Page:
After Deaths, Macron Tells UK to 'Get Serious' on Migrants

France disinvites British official from meeting over unwelcome proposals
By Arden Dier,  Newser Staff
Posted Nov 26, 2021 10:12 AM CST
After Deaths, Macron Tells UK to 'Get Serious' on Migrants
A migrants' makeshift camp is set up along the river in Loon Plage, near Grande-Synthe, northern France, on Friday.   (AP Photo/Rafael Yaghobzadeh)

France and Britain are butting heads over how to address the migrant crisis in the Channel following the deaths of 17 men; seven women, one of whom was pregnant; and three children on Wednesday, per the BBC. French President Emmanuel Macron told Britain to "get serious" after Prime Minister Boris Johnson requested that France take back all migrants who illegally cross the 45-mile stretch of water between the two countries in a public letter shared Thursday on Twitter, per Reuters. A French government spokesman quickly deemed it "unacceptable." It's "clearly not what we need to solve this problem," Gabriel Attal said, per the AP, adding Britain Home Secretary Priti Patel was now disinvited to a European meeting in Calais to discuss the problem, set for Sunday.

Relations between the two countries have been strained for weeks by the migrant crisis and a submarine deal, but that statement marked "a sharp deterioration," per the AP. Johnson had also proposed that British border officials be allowed to patrol the beaches of northern France and that both countries be permitted maritime patrols and airborne surveillance in each other's waters. Macron himself said he'd had a serious discussion with Johnson after Wednesday's tragedy, but the methods proposed "are not serious," per the BBC. British Transport Secretary Grant Shapps countered that Johnson made the proposals in "good faith." "I don’t think there is anything inflammatory to ask for close co-operation with our nearest neighbors," he added.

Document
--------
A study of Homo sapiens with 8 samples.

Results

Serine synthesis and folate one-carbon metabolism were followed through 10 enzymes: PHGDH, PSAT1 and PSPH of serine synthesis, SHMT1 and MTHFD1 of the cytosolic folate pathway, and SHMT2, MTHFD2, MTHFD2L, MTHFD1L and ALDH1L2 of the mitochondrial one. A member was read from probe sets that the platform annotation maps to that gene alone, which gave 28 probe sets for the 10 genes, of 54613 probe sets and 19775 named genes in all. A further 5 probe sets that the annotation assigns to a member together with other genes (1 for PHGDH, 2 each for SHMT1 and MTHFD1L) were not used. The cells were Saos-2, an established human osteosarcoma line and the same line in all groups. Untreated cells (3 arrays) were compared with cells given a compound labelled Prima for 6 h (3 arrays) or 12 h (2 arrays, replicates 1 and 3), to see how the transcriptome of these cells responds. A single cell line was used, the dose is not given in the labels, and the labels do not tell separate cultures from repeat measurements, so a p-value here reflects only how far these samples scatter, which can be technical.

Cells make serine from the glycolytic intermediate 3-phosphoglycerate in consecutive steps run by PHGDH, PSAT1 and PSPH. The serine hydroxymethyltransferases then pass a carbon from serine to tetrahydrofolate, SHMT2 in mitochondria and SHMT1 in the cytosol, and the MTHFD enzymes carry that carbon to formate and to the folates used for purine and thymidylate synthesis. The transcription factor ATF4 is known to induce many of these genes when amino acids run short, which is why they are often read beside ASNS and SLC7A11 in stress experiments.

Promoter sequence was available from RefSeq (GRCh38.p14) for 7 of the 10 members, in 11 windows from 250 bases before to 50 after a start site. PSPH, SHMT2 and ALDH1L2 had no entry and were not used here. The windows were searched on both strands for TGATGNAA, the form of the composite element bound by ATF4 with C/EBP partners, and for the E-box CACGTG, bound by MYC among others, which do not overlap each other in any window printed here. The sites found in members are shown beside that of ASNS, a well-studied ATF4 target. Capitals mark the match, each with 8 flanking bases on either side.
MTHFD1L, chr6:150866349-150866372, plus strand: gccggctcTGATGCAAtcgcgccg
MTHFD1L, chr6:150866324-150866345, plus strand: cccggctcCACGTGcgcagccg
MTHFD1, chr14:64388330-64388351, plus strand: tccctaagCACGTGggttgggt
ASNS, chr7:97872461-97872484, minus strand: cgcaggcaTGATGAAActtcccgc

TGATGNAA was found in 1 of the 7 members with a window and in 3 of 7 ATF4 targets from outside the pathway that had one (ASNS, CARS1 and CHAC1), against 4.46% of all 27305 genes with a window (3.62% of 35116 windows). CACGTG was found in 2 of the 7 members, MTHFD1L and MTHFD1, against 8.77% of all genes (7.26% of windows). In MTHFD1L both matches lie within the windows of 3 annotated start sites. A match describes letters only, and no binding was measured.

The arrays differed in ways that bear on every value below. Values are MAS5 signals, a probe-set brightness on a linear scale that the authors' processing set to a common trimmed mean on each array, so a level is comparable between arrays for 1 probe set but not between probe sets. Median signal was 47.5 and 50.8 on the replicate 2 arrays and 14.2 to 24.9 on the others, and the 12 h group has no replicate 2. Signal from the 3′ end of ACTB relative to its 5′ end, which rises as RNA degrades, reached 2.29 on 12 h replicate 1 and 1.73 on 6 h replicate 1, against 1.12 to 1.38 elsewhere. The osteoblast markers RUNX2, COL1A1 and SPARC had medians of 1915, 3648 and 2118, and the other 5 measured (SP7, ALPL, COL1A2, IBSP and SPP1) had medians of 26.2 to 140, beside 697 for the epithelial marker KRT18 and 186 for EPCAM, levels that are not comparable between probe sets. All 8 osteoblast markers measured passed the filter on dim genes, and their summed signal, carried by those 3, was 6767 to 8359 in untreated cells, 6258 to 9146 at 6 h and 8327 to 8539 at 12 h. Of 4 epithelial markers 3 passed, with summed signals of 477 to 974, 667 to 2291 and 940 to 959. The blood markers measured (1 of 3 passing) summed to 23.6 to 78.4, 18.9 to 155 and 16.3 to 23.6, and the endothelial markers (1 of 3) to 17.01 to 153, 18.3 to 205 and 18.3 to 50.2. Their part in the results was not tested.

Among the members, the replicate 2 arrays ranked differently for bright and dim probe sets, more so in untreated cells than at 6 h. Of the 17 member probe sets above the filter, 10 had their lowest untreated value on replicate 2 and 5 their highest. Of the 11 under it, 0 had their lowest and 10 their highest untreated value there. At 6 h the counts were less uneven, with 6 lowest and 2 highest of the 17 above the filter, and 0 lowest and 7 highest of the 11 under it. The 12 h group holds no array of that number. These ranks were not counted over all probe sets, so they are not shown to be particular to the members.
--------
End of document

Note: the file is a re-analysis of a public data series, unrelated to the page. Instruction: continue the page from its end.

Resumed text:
French officials, however, fault Britain for making itself too attractive to migrants, who can easily remain and work in the country. Doctors Without Borders has also faulted the UK for its "harsh migration policies" following a crackdown at the France-UK border, per NBC News. Robert McNeil of the University of Oxford’s Migration Observatory tells the outlet that the only route to asylum is to "actively arrive on UK soil." More than 23,000 people have done so via small boat this year, up from 8,500 last year, according to the British government. More than 90% of those who made the crossing between January 2020 and May 2021 came from 10 countries "where human rights abuses and persecution are common," including Afghanistan, Iran, and Syria, according to a Refugee Council report. (More migrants stories.)